Gyda Velvin Myklebust • Programme director, New Nordic Films, Haugesund

“This year, I felt we returned to focusing on an actual festival and a film market”


Gyda Velvin Myklebust • Programme director, New Nordic Films, Haugesund
(© Ingar Johansen)

With the timely re-opening of Norwegian society, the 49th edition of the Norwegian International Film Festival in Haugesund successfully wrapped last Friday. Programme director Gyda Velvin Myklebust looks back on this edition, as well as forward to a high standard.

Cineuropa: Fresh out on the other side, what’s your assessment on the just-completed edition?
Gyda Velvin Myklebust: New Nordic Films 2021, our 27th edition, took place in a hybrid format with a 45/55 ratio of physical and digital participation. We did have a fully digital solution but managed to get 150 international industry representatives to Haugesund and to execute our three main objectives: to present completed films, works in progress and works in development to those they concerned. I felt our line-up was very strong, even remarkable at times — we also got very good reactions from potential partners and buyers. Those who were here in person clearly thrived on the physical presence. To be able to meet and exchange ideas and experiences actually gave a sense of euphoria at times; to finally sit in a cinema, to engage in a passionate discussion, to forge future plans through interaction. The pandemic has made us grateful for what we have, and even though digital markets are here to stay, there’s nothing like that wonder of getting together and connecting. 

Well, last year I felt we arranged a “corona festival”; it certainly was what we spent most of our energy on. This year, I felt we returned to focusing on an actual festival and a film market with films and projects on centre stage. But what we realised with the digital presentations was that everyone had the exact same odds when it came to making a presentation, regardless of physical presence. We also saw increased participation from important industry representatives who would have had to travel long distances, or who would be tied up in other events of the season, but who could now partake digitally. A pretty impressive roster, which we would like to try to preserve. We just have to deal with the fact that the time when everyone went everywhere is over, and that it makes a lot of sense if one’s strategy is open to both solutions. So we will fine-tune the online facilities. That said, our main focus will be a physical market.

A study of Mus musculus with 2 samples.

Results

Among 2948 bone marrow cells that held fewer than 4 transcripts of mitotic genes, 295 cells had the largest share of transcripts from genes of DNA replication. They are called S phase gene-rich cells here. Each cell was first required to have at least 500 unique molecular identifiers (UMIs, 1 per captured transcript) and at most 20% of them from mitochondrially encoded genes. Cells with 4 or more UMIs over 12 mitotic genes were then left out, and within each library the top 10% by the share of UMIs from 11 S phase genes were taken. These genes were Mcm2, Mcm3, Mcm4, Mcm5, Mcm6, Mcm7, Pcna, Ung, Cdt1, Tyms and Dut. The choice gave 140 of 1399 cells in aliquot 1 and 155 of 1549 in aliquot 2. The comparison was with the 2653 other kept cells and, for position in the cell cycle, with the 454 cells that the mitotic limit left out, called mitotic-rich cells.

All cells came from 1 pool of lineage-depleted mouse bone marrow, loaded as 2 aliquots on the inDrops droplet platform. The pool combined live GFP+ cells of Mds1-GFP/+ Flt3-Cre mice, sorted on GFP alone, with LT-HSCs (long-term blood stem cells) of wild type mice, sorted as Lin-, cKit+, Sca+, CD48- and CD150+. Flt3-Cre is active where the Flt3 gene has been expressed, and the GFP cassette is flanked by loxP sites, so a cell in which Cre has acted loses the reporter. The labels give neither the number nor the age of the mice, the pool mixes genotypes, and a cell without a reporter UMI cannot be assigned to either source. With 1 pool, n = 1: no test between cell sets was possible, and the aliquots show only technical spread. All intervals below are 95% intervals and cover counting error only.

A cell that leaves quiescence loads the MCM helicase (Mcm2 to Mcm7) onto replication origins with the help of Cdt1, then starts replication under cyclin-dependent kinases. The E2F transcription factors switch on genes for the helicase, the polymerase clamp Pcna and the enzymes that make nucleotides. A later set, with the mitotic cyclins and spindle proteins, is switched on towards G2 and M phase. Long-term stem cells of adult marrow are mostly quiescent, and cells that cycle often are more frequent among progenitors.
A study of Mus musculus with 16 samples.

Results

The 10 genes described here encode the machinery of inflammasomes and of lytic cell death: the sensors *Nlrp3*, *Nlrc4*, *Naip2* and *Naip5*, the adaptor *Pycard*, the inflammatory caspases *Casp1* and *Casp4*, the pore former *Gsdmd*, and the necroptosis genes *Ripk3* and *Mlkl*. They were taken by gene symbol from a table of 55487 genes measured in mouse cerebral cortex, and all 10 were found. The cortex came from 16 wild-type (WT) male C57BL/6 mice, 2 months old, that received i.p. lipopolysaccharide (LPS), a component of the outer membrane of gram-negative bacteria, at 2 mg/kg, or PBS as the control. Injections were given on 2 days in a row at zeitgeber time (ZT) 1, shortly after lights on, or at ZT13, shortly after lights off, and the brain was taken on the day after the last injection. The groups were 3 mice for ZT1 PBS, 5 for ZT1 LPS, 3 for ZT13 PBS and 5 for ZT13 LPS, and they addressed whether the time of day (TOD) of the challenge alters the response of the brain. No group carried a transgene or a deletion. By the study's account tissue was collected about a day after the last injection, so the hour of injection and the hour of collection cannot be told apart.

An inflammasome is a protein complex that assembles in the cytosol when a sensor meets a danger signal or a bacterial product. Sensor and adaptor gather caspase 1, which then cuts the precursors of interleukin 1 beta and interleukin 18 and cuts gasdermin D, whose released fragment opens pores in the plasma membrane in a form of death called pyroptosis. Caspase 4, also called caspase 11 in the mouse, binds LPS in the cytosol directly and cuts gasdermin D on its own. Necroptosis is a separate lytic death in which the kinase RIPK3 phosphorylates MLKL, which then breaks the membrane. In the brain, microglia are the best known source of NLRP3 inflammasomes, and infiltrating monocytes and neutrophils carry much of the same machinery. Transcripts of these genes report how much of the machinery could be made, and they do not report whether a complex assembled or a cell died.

As someone concerned with promoting Nordic cinema, what is your take on the current situation?
I think the Nordic countries are very strong right now. Our young generations are making their mark nationally, regionally here up North, and internationally. We had a historical Cannes this year, with Finland’s Compartment No. 6 [+see also:
film review
trailer
interview: Juho Kuosmanen
film profile
]
and The Gravedigger’s Wife [+see also:
film review
trailer
film profile
]
, with Norway’s The Worst Person in the World [+see also:
film review
trailer
interview: Joachim Trier
film profile
]
and The Innocents [+see also:
film review
trailer
interview: Eskil Vogt
film profile
]
, with Sweden’s Clara Sola [+see also:
film review
trailer
interview: Nathalie Álvarez Mesén
film profile
]
and Iceland’s Lamb [+see also:
film review
trailer
interview: Valdimar Jóhannsson
film profile
]
. It’s kind of interesting that the countries getting the most attention right now are the ones that used to be regarded as the “little sisters.” And there’s no doubt: Norway and Finland have conquered the most splendid of world arenas, while Iceland, with a population of 300,000, remains a true phenomenon all its own. Good national support systems, talent development, our embrace of our creators and cultivation of a path where unique visions can wander forth, those are the important tools when it comes to keeping up the high standard, now as well as in the future.

Speaking of the future: 2022 sees the 50th edition of the Norwegian International Film Festival in Haugesund. Any grand plans in the making?
Grand plans are in the making as we speak. Diversity, inclusion and climate will be the foundations on which we will both mark the past half-century and look ahead. We will have many different arrangements and also some illustrious guests, quite probably including our Honorary President Liv Ullmann and our High Patron HRH Crown Prince Haakon.